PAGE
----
Deborah Giannecchini‘s lawsuit against Johnson & Johnson has ended with her being awarded $70 million. Giannecchini, a 63-year-old woman from California, had filed a lawsuit against Johnson & Johnson after discovering that using baby powder for more than 40 years had given her ovarian cancer.
In 2012, the woman said that her physicians discovered that she had stage 4 ovarian cancer. The medical experts learned that she had talc, which is found in Johnson & Johnson’s baby powder, in her ovaries.
Giannecchini and two other women filed lawsuits against the company via the St. Louis-based Onder Law Firm. The two other women, who say that their usage of baby powder caused cancer, have also won a substantial amount of money from Johnson & Johnson.
More than 2,000 women have filed similar suits against the pharmaceutical giant after falling ill. The company lost a suit in early January and had to award $72 million to relatives of an Alabama woman, who died of ovarian cancer. In May, they had to pay $55 million to a South Dakota survivor of the disease.
However, two suits in New Jersey where Johnson & Johnson is based were tossed out for lack of evidence. After the St. Louis jury declared Giannecchini the winner of the suit, she spoke to a local TV station in California where she said:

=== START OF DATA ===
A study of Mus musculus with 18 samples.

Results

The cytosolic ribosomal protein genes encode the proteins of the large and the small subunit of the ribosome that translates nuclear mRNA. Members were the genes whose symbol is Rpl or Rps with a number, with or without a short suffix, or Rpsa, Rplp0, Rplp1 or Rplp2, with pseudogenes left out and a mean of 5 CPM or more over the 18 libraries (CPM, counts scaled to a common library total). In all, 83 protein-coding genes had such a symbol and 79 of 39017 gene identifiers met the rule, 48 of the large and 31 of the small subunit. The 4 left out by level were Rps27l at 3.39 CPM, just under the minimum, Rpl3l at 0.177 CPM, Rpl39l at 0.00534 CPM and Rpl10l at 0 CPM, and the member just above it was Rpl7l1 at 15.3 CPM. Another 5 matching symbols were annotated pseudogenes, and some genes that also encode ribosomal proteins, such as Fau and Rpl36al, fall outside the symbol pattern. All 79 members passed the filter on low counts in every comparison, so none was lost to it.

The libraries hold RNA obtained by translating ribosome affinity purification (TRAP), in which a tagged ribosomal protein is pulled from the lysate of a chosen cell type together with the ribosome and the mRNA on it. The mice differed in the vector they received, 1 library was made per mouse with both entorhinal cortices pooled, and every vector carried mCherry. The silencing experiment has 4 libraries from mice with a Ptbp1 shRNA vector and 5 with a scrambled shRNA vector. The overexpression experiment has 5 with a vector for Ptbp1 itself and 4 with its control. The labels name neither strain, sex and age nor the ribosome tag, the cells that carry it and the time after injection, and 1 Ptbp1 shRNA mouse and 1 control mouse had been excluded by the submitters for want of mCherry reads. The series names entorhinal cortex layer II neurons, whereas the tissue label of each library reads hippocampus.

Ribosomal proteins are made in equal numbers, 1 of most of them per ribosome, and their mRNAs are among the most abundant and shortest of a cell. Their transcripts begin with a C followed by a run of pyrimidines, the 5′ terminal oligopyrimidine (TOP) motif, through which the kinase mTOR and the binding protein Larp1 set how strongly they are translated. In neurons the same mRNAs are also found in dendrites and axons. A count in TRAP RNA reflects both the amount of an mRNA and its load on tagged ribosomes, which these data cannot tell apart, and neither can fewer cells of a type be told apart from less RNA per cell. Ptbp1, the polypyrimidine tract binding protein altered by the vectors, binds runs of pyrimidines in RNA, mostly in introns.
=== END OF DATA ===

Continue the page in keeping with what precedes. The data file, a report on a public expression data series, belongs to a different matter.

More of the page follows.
“I do feel justice has been served, but I think more important is we begin to share the information and let women know that this is not the safe, innocent product that we think it is.”
Onder Law Firm said in a statement that the “company knew about studies linking talc powder to an increased risk of cancer, but said they refused to curb their production and marketing.” They went on to say:
“We are pleased the jury did the right thing. They once again reaffirmed the need for Johnson & Johnson to warn the public of the ovarian cancer risk associated with its product.”
Johnson & Johnson said their product is safe and will appeal the verdict. Carol Goodrich, a spokeswoman for Johnson & Johnson, said in a statement:
“We deeply sympathize with the women and families impacted by ovarian cancer. We will appeal today’s verdict because we are guided by the science, which supports the safety of Johnson’s Baby Powder.”
So, what are the experts saying on the matter?
“Some studies have revealed that women who regularly use talc on their genital area face up to a 40 percent higher risk of developing ovarian cancer. While another research has found no link or a weak one between ovarian cancer and using baby powder for feminine hygiene.”
It is worth noting that the International Agency for Research on Cancer firmly believes that genital use of talc is “possibly carcinogenic.”